Saturday, 12 January 2013

12th January 1813: William Cartwright reacts badly to a request to support a mercy plea for the condemned Luddites

York Jany 12th 1813


I have read with astonishment the petitions which you hand me.

It is impossible you can be ignorant of the conversation which passed with Mr. Wood. I cannot therefore with this feeling but express my Indignation that you shod attempt to foist upon me a Document which cou’d have no other effect than to [commit] my Character and in no degree benefit the Prisrs.

Can you reasonably think that the [ends] of Justice can be answered or the peace of the Country reestablished until the unhappy Prisoners either in their persons shall have intoned further crimes or by a full disclosure of their Guilt and all the circumstances connected with it shall entitle themselves to a hope that the Door of mercy may be opened to them

I can have none other than fulness of compassion for the unfortunate & misguided Men & I deplore as much as any man their Delusion but a sense of Duty only having guided me up to the present moment I cannot step out of that Line by interfering with the course of Justice until after the most satisfactory disclosure — you will then find be ready to aid you in the best manner I am able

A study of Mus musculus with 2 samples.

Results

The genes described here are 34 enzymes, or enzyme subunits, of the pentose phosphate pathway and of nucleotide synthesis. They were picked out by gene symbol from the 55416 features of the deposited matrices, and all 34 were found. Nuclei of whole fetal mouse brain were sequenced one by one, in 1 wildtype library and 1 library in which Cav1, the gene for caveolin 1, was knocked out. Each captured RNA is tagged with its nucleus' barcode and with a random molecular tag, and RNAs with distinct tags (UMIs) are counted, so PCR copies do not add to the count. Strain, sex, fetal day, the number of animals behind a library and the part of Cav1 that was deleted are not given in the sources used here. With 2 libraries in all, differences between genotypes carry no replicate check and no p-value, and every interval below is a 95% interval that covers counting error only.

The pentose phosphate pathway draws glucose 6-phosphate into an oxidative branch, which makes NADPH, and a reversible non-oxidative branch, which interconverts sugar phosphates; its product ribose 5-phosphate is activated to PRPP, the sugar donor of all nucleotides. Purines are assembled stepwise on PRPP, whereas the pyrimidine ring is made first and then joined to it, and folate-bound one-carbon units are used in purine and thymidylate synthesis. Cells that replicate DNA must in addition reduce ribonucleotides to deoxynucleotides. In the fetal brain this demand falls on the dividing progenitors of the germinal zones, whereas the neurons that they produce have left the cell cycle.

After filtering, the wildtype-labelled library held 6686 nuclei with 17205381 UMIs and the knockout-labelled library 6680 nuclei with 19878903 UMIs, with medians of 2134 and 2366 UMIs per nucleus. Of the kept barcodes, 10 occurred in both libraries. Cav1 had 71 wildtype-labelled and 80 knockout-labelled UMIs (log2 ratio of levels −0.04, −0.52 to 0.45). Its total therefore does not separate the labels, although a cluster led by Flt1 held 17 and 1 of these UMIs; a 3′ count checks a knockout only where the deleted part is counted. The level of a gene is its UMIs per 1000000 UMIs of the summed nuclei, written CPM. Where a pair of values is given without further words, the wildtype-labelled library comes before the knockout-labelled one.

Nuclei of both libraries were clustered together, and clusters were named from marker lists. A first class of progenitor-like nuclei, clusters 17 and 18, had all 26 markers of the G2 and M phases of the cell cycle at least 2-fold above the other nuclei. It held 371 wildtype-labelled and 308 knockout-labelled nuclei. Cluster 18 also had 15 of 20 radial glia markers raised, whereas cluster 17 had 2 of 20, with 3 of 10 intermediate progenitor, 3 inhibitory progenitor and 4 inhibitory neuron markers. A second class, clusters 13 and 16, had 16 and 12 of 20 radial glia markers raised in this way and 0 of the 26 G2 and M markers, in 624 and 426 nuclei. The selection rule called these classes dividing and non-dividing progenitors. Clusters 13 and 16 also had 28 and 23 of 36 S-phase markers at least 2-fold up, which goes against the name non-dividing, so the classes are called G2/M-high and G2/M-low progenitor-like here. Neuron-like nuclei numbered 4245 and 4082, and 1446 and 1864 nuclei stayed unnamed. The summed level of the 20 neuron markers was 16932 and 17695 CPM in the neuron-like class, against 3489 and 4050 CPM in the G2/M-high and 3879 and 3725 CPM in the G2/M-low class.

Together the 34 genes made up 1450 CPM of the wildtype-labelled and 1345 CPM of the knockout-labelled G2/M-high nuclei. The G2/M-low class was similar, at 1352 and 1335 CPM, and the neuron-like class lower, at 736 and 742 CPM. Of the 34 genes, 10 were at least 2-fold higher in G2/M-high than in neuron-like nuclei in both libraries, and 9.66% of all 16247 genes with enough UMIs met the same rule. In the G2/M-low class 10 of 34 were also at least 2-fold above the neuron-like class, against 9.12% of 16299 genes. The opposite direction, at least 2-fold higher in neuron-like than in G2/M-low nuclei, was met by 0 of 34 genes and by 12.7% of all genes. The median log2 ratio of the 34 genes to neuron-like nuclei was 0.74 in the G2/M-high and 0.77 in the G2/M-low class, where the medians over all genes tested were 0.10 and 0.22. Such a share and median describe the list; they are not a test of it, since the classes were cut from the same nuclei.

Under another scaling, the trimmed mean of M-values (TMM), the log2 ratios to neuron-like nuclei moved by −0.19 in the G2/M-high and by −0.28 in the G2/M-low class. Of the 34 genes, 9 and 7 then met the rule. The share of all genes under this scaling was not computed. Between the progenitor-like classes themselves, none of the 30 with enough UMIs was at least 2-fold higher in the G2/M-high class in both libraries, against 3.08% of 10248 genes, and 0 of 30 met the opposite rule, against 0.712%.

I cannot enclosing this avoid sayg that the salvation of each of the Prisoners of his Innocence (after such a Trial as they had) was most ungracious and I do think the form of the present application indicates clearly enough a wish to affix upon me and odium as the prosecutor by a refusal to join in the petition which is unwarranted & to be reprobated

When such Circumstances may occur or may enable me to step forward as a Petitioner you will find me the foremost to address my humble prayers to his Roy Highness the mercy

I am
Your obt St
Wm Cartwright

I have Sent a Copy of this & the Petition to Mr Hobhouse who will hold it at yr Disposal

Mr Blackburn

This letter can be found at HO 42/132.